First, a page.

Illegal Drugs — México
México has an abundance of naturally occurring psychoactive plants that indigenous people have used in ritual for thousands of years. The two most common are Peyote cactus and Psilocybin mushrooms. Both are powerful hallucinogens. Peyote has been used for at least five thousands years in central and northern México and the Desert Southwest of the US. Psilocybin mushroom use has been dated as far back as 200 AD, mostly in the south and central regions of the country. Possession of either plant is illegal. The police generally tolerate traditional use by indigenous Méxicans, non-indigenous Méxicans and foreigners are prosecuted.
Marijuana (mota) is not native to México and has no ritual use in any indigenous cultures. Used widely by Méxicans as a recreational drug, it is illegal and penalties are severe for possession of amounts greater than the legal limit for personal use. Even though it is not native plant, marijuana thrives in México, and is grown mainly in the Pacific coast states of Sinaloa, Michoacán, Guerrero, and Oaxaca and in the Yucatán peninsula. The primary growers are well organized and heavily armed crime syndicates looking to export to the US. As an illegal cash crop marijuana is highly lucrative. This has made México a major battleground for the US government in its ill-conceived War on Drugs.
Cocaine use and smuggling are a huge national problem in México. Use of powder cocaine is widespread and growing. Crack has taken hold in México City and northern border cities. Both forms are illegal and penalties are severe for possession of amounts greater than the legal limit for personal use. Partnering with Méxican crime syndicates, Colombian cocaine cartels have made México a major transshipment point in moving their product to US markets. This is a serious problem for the Méxican government. As the crime syndicates become more powerful they pose a challenge to the authority of local governments, especially in Guadalajara and the border cities of Ciudad Juárez and Tijuana.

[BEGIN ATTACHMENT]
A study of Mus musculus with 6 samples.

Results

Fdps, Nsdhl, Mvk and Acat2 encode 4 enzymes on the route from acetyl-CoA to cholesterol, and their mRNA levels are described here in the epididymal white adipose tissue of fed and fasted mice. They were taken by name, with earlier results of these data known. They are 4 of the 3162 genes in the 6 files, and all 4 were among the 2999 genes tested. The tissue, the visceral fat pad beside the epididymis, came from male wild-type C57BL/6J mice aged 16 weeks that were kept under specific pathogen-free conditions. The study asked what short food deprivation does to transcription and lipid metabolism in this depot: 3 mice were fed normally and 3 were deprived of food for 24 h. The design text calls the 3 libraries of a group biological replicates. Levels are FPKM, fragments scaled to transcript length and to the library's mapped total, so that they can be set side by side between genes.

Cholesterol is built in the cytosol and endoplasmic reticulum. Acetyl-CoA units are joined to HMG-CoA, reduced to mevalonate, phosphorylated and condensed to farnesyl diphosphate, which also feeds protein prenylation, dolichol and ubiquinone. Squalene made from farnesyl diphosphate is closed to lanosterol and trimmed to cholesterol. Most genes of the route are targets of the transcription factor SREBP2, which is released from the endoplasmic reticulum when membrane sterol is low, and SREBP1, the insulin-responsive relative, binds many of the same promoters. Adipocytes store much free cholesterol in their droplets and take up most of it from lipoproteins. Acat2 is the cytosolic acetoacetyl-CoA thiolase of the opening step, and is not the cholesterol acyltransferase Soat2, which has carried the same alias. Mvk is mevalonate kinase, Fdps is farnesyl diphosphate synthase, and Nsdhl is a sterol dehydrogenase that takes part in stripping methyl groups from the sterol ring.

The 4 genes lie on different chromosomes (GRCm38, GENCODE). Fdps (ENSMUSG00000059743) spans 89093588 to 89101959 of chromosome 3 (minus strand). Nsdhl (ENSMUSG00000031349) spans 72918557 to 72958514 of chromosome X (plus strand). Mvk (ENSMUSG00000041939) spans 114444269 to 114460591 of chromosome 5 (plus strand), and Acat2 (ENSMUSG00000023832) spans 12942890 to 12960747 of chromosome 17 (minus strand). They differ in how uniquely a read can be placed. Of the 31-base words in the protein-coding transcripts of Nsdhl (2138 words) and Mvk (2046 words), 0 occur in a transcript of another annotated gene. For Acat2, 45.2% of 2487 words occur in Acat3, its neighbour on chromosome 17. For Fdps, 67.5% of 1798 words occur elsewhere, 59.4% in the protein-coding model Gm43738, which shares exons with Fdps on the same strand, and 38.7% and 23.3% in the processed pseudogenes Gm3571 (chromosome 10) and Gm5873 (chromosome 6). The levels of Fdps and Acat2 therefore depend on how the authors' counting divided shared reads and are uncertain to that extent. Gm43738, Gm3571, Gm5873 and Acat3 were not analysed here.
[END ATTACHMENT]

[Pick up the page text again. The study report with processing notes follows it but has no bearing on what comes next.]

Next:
In August 2009 México decriminalized possession of small amounts of drugs for personal use. The new law sets out maximum amounts for personal use: marijuana, 5 grams — about four joints; cocaine, 0.5 grams — about 4 "lines"; LSD, 0.015 milligrams; methamphetamine, 40 milligrams; and heroin, 50 milligrams. Anyone caught with drug amounts under those limits no longer faces criminal prosecution. For the first two possession charges users are encouraged to seek drug treatment. After a third charge drug treatment is mandatory.
This new approach represents a significant change from the zero tolerance policy and harsh sentences for personal use México has pursued at the insistence of the US government. Rather than act as a deterrent, the previous harsh sentences enabled corrupt police to shake down casual users and addicts for bribes by threatening long prison sentences if they didn't pay up. Decriminalizing personal use should give the accused greater legal protection.
Illegal drug use is the main reason foreigners have serious trouble with the police and possession of amounts greater than the legal limit for personal use are aggressively prosecuted and penalties are severe. Méxican law does not distinguish between the possession of marijuana and harder drugs like cocaine and the same harsh penalties apply. Persons convicted of smuggling drugs face long prison sentences. Claiming ignorance of Méxican law will get you nowhere. There is little your embassy or consulate can or will do beyond helping find an English speaking lawyer and acting as a intermediary with family or friends back home.
Because they pose a flight risk foreigners are never released on bail, even for minor possession charges. If you are eventually found innocent you could still find yourself in a Méxican jail for a long time until your case is heard and a verdict is reached.
The bottom line — it's not worth it.